Unlike other tech companies that rush out new products without rhyme or reason--Quick! Samsung just put out another smartwatch while I was typing this sentence!--Apple takes its sweet time with releases, particularly when it comes to mobile devices. We've made an entire circuit around the sun since the last time Tim Cook waved new iPhones in the air, which has given other smartphone makers plenty of time to match and even surpass what the iPhone 5s brings to the table.
Not that Apple loses much sleep over that--at least not anyone who isn't on Apple's legal team. Since it first unveiled the iPhone more than seven years ago, the company seems more concerned with setting the bar in the smartphone market than in matching someone else's phone feature for feature.
Still, a lot's changed for smartphones since the last time Apple has overhauled its product line. And it's worth taking note of a few of the major trends at play in the market that the iPhone 6--or whatever Apple winds up calling it--will enter.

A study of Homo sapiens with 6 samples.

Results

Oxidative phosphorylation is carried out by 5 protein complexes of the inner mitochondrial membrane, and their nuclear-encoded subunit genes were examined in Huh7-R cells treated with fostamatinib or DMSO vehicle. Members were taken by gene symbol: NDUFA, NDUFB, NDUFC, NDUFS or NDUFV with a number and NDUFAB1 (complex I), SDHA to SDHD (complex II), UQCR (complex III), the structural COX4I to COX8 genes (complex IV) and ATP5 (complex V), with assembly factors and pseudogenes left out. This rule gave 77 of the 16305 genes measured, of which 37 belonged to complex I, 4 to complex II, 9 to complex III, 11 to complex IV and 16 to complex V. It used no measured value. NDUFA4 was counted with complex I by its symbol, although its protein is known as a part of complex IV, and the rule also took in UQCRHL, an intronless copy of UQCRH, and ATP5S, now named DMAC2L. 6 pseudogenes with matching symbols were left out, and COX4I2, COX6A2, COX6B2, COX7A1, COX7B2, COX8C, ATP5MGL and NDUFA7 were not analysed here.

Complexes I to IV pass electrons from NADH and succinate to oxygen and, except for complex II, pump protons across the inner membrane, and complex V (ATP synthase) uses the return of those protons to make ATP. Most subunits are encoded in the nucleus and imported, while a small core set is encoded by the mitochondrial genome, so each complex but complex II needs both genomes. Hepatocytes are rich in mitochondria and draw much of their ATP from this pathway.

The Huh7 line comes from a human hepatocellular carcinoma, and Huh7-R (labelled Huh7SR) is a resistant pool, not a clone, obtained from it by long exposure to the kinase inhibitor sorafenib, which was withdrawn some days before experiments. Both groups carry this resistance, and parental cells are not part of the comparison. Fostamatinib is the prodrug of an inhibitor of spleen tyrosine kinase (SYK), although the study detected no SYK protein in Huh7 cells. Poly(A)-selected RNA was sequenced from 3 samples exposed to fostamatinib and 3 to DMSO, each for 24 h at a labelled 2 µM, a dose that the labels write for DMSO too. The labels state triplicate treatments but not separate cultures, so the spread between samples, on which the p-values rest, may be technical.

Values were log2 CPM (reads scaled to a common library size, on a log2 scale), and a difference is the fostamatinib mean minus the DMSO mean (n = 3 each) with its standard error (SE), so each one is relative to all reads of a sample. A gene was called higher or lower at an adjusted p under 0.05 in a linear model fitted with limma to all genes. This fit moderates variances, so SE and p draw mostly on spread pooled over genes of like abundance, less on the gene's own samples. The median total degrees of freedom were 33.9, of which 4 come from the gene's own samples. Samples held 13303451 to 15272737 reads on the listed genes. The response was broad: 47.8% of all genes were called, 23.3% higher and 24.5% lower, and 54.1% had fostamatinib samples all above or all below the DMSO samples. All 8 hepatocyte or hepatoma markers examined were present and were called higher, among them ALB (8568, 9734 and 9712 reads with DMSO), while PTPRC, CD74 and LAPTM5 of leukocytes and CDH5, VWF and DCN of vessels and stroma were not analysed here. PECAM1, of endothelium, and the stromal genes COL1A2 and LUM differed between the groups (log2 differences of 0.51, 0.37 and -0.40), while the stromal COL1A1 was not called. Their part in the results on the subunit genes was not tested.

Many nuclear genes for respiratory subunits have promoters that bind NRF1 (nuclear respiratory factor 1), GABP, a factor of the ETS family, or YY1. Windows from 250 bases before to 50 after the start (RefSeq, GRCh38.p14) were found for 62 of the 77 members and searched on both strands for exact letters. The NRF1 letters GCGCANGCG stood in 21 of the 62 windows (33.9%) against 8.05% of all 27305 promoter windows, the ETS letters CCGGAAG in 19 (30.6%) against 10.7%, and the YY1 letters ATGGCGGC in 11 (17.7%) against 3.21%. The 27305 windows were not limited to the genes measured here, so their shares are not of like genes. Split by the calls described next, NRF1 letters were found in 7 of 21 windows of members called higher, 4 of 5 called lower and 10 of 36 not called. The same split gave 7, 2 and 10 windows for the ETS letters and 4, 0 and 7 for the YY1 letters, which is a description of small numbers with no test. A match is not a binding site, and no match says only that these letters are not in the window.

Cameras have added more tricks
What Apple did: The iPhone's never been big on upping the megapixel count--the iPhone 5s's rear-facing camera clocks in at a relatively modest 8 megapixels. Instead, last year's phone put the emphasis on software, adding a Slo-Mo mode that shoots 720p HD video at 120 frames per second and a burst mode for taking 10 full-quality photos in a second.
What's happened since: Other smartphones continue to push the megapixel count on their built-in cameras, particularly if they're hoping to use photo features to stand out from the crowd. The Nokia Lumia 930, for example, boasts a 20-megapixel camera, while Samsung's Galaxy S5 and LG's G3 offer cameras touting 16 and 13 megapixels, respectively. But even these smartphones seem to recognize there's more to life than just megapixels. The Nokia 930 ships with a bunch of photo-editing apps including one that lets you edit high-resolution photos right on the phone; meanwhile, LG simplified the camera interface on the G3, stripping out a lot of the control options to put the emphasis on snapping photos.
Like the iPhone 5s, HTC's One (M8) doesn't pack in the megapixels, but it does offer two rear-facing cameras, which it uses for post-processing tricks, such as creating depth-of-field effects on your images.
Other phone makers have realized there's advances to be made with the front-facing camera, particularly as our national obsession with self-portraits continues unabated. HTC's flagship phone offers a Selfie mode, complete with a three-second countdown, and the front-facing camera on the just-announced Galaxy Note 4 from Samsung features an f1.9 wide-angle lens designed for taking better self-portraits.